A new pilot project by London-based researchers aims to help teachers create a better learning environment for students who identify as 2SLGBTQIA+.
Lawson Health Research Institute launched the project, called Queer in the Classroom, to study the benefits a proactive, inclusive approach in the classroom could have on students who identify as members of the Pride community.
"When we look at the data, youth in the 2SLGBTQIA+ community are 14 times more likely to die by suicide,” Lawson Scientist Dr. Arlene MacDougall, said in a statement. “We need to be focusing on this population who are also experiencing a higher degree of isolation, stigma and substance use.”
Through professional development, teachers and school staff are being shown how to tailor the learning space to best support these students to promote resilience and positive mental health.
“This project is about connecting with school boards and teachers to help develop the knowledge and skills to create spaces that go beyond tolerating differences,” said MacDougall, who is also the director of the Mental Health INcubator for Disruptive Solutions (MINDS) and a psychiatrist at St. Joseph’s Health Care London. “The focus is to create an environment that is more affirming, more responsive and more proactive rather than reactive.”
Researchers began by reviewing existing research on the same topic by the MINDS. They then conducted interviews with 2SLGBTQIA+ students at elementary and secondary schools in Ontario, parents, and teachers.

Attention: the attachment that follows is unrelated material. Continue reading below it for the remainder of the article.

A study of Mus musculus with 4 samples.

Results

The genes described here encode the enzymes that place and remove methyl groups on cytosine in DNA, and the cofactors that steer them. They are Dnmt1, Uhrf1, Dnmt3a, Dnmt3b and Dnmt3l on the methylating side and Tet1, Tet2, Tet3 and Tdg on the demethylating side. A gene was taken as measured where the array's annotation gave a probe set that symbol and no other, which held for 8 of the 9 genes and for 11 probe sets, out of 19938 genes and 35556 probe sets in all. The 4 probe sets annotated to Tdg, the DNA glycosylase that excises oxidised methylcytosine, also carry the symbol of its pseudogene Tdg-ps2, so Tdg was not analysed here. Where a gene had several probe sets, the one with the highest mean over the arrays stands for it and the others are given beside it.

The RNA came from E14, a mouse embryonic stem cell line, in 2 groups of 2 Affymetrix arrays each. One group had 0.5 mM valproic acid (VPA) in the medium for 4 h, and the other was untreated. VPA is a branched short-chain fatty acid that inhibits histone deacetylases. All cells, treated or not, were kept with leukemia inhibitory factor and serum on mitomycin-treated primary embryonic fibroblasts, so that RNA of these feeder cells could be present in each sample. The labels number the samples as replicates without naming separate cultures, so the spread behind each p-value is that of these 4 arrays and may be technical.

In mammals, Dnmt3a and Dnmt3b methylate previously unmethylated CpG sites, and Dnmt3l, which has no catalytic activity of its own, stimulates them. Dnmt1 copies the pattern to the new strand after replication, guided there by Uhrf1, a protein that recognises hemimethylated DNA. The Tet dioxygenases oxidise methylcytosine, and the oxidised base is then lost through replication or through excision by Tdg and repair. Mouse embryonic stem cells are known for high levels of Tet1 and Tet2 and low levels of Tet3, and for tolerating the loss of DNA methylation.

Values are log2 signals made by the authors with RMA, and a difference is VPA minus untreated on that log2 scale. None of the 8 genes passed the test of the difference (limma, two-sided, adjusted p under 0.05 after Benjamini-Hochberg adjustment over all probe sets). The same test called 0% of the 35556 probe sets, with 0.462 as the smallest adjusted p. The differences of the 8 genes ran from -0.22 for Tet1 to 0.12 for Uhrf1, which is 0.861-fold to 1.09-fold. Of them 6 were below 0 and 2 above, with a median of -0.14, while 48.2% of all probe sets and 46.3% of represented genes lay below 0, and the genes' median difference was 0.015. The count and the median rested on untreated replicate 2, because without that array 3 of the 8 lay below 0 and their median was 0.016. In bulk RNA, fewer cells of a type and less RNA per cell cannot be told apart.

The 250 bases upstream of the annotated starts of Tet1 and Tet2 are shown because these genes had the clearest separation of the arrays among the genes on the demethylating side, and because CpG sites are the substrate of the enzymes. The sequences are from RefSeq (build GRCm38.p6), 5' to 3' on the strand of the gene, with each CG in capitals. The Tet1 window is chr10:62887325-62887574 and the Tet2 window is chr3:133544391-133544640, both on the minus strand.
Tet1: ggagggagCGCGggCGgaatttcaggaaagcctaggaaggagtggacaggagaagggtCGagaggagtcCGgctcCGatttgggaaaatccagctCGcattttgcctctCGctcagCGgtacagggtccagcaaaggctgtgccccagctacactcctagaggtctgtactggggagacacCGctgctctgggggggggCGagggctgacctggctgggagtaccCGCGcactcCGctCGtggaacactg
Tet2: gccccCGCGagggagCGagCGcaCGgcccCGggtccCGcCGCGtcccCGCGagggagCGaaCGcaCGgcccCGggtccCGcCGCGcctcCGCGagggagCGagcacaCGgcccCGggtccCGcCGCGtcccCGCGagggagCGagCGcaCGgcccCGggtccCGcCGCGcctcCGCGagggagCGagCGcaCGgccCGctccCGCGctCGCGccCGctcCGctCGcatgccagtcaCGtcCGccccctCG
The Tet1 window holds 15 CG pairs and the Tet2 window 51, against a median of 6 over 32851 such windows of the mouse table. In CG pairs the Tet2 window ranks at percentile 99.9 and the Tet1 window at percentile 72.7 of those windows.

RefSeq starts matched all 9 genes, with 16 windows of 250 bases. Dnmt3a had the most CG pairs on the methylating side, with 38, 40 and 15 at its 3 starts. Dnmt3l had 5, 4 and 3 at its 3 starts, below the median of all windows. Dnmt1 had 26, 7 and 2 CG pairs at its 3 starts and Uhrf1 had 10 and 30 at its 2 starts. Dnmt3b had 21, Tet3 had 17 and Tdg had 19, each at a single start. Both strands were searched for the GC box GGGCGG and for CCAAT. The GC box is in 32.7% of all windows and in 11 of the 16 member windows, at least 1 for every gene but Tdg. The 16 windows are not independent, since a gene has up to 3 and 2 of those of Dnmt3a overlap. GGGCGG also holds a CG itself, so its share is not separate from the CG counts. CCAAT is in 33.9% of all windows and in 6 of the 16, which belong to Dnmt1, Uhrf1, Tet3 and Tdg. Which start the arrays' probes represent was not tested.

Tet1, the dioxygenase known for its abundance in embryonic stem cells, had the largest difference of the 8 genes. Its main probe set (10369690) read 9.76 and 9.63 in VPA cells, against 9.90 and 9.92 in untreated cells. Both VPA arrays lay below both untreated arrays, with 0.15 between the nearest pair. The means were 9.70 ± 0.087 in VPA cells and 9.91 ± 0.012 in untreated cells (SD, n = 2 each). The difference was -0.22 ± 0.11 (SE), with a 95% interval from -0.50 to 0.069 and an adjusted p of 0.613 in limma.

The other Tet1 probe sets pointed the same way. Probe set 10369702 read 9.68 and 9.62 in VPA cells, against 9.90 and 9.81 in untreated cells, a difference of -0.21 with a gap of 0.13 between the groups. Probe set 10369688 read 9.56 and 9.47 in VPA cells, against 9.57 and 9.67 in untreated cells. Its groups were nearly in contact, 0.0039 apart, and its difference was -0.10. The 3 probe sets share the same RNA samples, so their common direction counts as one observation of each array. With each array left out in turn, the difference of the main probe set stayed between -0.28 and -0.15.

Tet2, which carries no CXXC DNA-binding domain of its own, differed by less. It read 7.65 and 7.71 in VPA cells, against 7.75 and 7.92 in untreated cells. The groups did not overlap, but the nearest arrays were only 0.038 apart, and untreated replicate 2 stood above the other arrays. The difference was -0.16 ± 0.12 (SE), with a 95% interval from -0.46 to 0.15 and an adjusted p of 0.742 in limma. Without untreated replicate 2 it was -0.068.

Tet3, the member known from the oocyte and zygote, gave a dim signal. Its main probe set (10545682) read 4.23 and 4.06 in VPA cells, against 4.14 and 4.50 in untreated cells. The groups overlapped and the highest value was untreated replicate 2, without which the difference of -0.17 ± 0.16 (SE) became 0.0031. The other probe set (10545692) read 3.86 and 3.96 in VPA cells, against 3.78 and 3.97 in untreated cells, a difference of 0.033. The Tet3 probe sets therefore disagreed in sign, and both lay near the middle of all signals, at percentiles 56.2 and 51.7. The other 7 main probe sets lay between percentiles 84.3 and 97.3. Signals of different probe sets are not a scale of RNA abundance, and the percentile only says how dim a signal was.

"We focused on not only their safety in school, but also being celebrated for who they are,” said Iylah Neves, Lawson research assistant through MINDS. “We drew on all of this research to best inform the practices we are using with the Queer in the Classroom initiative.”
The pilot project is so far only being rolled out at school boards by-request. However, researchers are discussing the possibility of wider implementation.
"Queer in the Classroom has been driven by the voices of students with personal experiences who feel there is a deep need for this type of innovation,” said Neves. “It is our responsibility to make those changes so that students can access a safe, inclusive and nurturing environment."